First and Otherwise Notable Editions of Medieval French Texts Printed from 1742 to 1874

By William Cole

The first bibliography of first and other early editions of Old French texts.

“Old French” refers to the language written (and presumably spoken) in northern France (and Anglo-Norman England) until the beginning of the 14th century. It was a thriving literary language, producing great epics (the chansons de geste), romances (including those of Chrétien de Troyes), lyric, fabliaux, fables, hagiography, verse and prose chronicles, drama, etc.

By the time printing arrived in France in the mid-15th century, Old French had long disappeared, having been replaced by Middle French. Logically enough, early French printers focused on the current language, and the Old French texts slept in their manuscripts, apparently consigned to the dustbin of history.

During the Enlightenment, however, a few French intellectuals began to appreciate the importance of Old French literature. In 1742, Levesque de la Ravallière published the works of Thibaut de Navarre. This was the first printed edition of any Old French text. A smattering of texts appeared during the second half of the 18th century and the first few years of the 19th century, but it was not until about 1820 that the first real flowering began. Between 1819 and 1874 virtually all of the important Old French texts appeared in print for the first time: epics like the Chanson de Roland, Aliscans, and Raoul de Cambrai; romances by Chrétien de Troyes, Gautier d’Arras, and Raoul de Houdenc; short verse works by Marie de France, perhaps the greatest woman writer of all time; historical fiction by Wace; all of the important early texts relating to Tristan and Isolde; and hundreds of others.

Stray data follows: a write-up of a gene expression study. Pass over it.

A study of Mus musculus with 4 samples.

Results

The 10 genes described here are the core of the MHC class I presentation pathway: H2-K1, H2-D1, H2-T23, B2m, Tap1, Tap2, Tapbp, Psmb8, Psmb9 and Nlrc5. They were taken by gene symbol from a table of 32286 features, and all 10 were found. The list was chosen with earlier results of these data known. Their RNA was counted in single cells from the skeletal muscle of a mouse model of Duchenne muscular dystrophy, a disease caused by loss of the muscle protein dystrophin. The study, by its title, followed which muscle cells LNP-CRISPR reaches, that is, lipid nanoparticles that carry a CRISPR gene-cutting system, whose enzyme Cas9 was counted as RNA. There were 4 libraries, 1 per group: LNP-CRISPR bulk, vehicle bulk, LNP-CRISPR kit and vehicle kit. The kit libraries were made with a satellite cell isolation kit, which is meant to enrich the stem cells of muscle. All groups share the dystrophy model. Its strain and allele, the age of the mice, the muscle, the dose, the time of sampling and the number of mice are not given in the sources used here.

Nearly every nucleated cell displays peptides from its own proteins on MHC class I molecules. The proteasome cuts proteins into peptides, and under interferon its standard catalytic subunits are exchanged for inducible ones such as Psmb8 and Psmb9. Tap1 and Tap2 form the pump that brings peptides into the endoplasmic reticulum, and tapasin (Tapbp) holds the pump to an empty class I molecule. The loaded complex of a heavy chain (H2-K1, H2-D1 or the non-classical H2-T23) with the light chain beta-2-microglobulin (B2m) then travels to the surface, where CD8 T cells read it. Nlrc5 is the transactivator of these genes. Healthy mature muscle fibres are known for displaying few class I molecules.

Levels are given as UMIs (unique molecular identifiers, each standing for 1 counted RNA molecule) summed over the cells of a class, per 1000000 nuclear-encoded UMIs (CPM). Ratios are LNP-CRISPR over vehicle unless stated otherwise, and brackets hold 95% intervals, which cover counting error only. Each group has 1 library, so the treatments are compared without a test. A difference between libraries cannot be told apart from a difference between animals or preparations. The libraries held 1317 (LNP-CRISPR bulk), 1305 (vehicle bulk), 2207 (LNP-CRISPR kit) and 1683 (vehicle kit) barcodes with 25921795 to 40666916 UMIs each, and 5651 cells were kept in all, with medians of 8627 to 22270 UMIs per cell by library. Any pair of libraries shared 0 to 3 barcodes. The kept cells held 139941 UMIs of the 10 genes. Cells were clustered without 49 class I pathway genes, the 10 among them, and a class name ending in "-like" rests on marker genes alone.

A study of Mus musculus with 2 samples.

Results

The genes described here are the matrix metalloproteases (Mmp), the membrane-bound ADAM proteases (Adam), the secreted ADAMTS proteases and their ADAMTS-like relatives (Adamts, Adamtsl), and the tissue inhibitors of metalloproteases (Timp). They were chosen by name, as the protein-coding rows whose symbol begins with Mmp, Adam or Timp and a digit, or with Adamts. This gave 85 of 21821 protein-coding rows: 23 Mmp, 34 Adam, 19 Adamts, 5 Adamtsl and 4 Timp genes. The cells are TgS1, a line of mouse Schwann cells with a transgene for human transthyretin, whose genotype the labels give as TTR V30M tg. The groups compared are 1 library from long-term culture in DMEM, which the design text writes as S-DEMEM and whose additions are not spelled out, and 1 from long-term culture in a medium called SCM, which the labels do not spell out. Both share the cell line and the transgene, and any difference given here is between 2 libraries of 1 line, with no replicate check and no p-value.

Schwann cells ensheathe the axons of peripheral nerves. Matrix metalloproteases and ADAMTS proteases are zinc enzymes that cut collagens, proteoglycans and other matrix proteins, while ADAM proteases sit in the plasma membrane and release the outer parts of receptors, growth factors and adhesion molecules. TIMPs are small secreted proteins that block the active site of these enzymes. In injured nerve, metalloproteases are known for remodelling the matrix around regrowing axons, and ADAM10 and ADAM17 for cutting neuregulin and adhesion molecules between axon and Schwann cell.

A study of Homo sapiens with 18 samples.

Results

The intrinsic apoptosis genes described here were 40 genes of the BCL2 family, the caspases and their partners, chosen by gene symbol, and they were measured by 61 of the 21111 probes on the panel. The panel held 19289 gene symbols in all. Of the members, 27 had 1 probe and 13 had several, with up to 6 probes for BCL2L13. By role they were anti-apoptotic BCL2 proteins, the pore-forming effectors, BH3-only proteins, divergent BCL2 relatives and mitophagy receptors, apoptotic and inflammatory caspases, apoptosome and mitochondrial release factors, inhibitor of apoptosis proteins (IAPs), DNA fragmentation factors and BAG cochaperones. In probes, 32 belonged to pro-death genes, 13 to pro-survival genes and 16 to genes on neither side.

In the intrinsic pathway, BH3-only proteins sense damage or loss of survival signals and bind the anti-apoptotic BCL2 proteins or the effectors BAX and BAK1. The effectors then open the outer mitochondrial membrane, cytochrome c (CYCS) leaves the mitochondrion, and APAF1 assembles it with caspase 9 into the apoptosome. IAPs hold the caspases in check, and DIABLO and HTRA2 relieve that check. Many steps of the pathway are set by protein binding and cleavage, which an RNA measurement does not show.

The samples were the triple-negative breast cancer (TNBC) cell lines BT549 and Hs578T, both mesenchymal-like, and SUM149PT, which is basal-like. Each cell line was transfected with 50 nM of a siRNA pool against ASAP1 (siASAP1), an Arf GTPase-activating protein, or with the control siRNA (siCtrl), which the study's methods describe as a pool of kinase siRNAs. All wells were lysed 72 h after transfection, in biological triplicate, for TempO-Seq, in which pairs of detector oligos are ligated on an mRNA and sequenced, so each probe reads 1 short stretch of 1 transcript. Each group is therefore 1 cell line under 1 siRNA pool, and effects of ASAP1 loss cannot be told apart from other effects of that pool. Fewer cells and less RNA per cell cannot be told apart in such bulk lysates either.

This intellectual movement was incredibly important for many reasons. For one thing, the Western world suddenly rediscovered the fascinating culture of medieval France. Many of the texts are great literature, and many others shed a fascinating light on medieval manners and daily life. For another, the principles of philology - which up until that point had been the exclusive province of Hellenists and Latinists—had to be adapted for the first time to modern languages. The textual editors involved—including Francisque Michel, Paulin Paris and his son Gaston, Achille Jubinal, Immanuel Bekker, A.J.W. Jonckbloet, Le Roux de Lincy, Thomas Wright, and many others, are still remembered. Finally, out of respect for these texts (and because of the small market for them), the editions were usually very small (sometimes as few as 30 copies) and luxurious, and many of the the finest printers and publishers in France, England, Germany and other countries - including Didot, Bulmer, Crapelet, Pinard, Whittingham, and Jouaust - experimented with hierarchical editions, exceptional typography, and exotic papers: in its totality, this proved to be an important precursor of the fine press movement that was to arise later in England.

Yet despite the undeniable importance of these editions, no bibliography of them has ever appeared - until now.